The Heat discusses solutions to India-Pakistan tensions, including Kashmir

The Heat

Islamabad and New Delhi have fought three wars since winning independence from British colonial rule in 1947, two of them directly over the disputed Kashmir region. While there has been a renewed push by the international community to find a long-term solution to the region, it’s unclear if the nuclear-armed neighbors will resume talks.

Kashmir lies at the heart of 67-years of hostility between the two countries, and thousands displaced by recent border clashes say it’s still not safe to return home. U.N. Secretary General Ban Ki-Moon has suggested dialogue is critical and during a recent visit to Pakistan, U.S. Secretary of State John Kerry also called on the countries to find a diplomatic solution to Kashmir.

CCTV’s Shweta Bajaj and Danial Khan reported this story from New Delhi and Islamabad.

The Heat discusses solutions to India-Pakistan tensions, including Kasmir

Islamabad and New Delhi have fought three wars since winning independence from British colonial rule in 1947, two of them directly over the disputed Kashmir region. While there has been a renewed push by the international community to find a long-term solution to the region, it's unclear if the nuclear-armed neighbors will resume talks.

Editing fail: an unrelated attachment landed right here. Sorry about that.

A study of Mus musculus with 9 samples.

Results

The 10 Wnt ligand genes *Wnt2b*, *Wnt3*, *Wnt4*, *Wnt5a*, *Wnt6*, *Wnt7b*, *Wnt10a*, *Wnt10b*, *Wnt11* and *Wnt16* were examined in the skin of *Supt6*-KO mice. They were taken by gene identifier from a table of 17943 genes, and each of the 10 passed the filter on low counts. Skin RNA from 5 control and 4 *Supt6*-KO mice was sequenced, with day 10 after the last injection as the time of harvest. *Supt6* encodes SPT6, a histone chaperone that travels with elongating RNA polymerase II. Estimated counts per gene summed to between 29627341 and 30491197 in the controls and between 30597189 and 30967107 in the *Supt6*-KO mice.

The Heat interviewed a panel of experts on the issue:

* Aparna Pande, a research fellow and director of the Hudson Institute’s initiative on the future of India and South Asia.
* Masood Akhtar, a former fighter pilot for the Pakistan Air Force for 33 years who retired in 2005 as a three-star general.
* Michael Kugelman, senior program associate for South and Southeast Asia at the Woodrow Wilson Center in Washington, D.C.

Aparna Pande, Masood Akhtar, Michael Kugelman discuss India-Pakistan tensions

Islamabad and New Delhi have fought three wars since winning independence from British colonial rule in 1947, two of them directly over the disputed Kashmir region. While there has been a renewed push by the international community to find a long-term solution to the region, it's unclear if the nuclear-armed neighbors will resume talks.

As the United States prepares to withdraw its last troops from Afghanistan, there’s growing concern about Islamic State and al-Qaida. Both groups are said to be recruiting in Kashmir and increased militant activity could further deteriorate the relationship between India and Pakistan. The Heat continues its conversation with the panel.

Aparna Pande, Masood Akhtar, Michael Kugelman discuss Kashmir

Islamabad and New Delhi have fought three wars since winning independence from British colonial rule in 1947, two of them directly over the disputed Kashmir region. While there has been a renewed push by the international community to find a long-term solution to the region, it's unclear if the nuclear-armed neighbors will resume talks.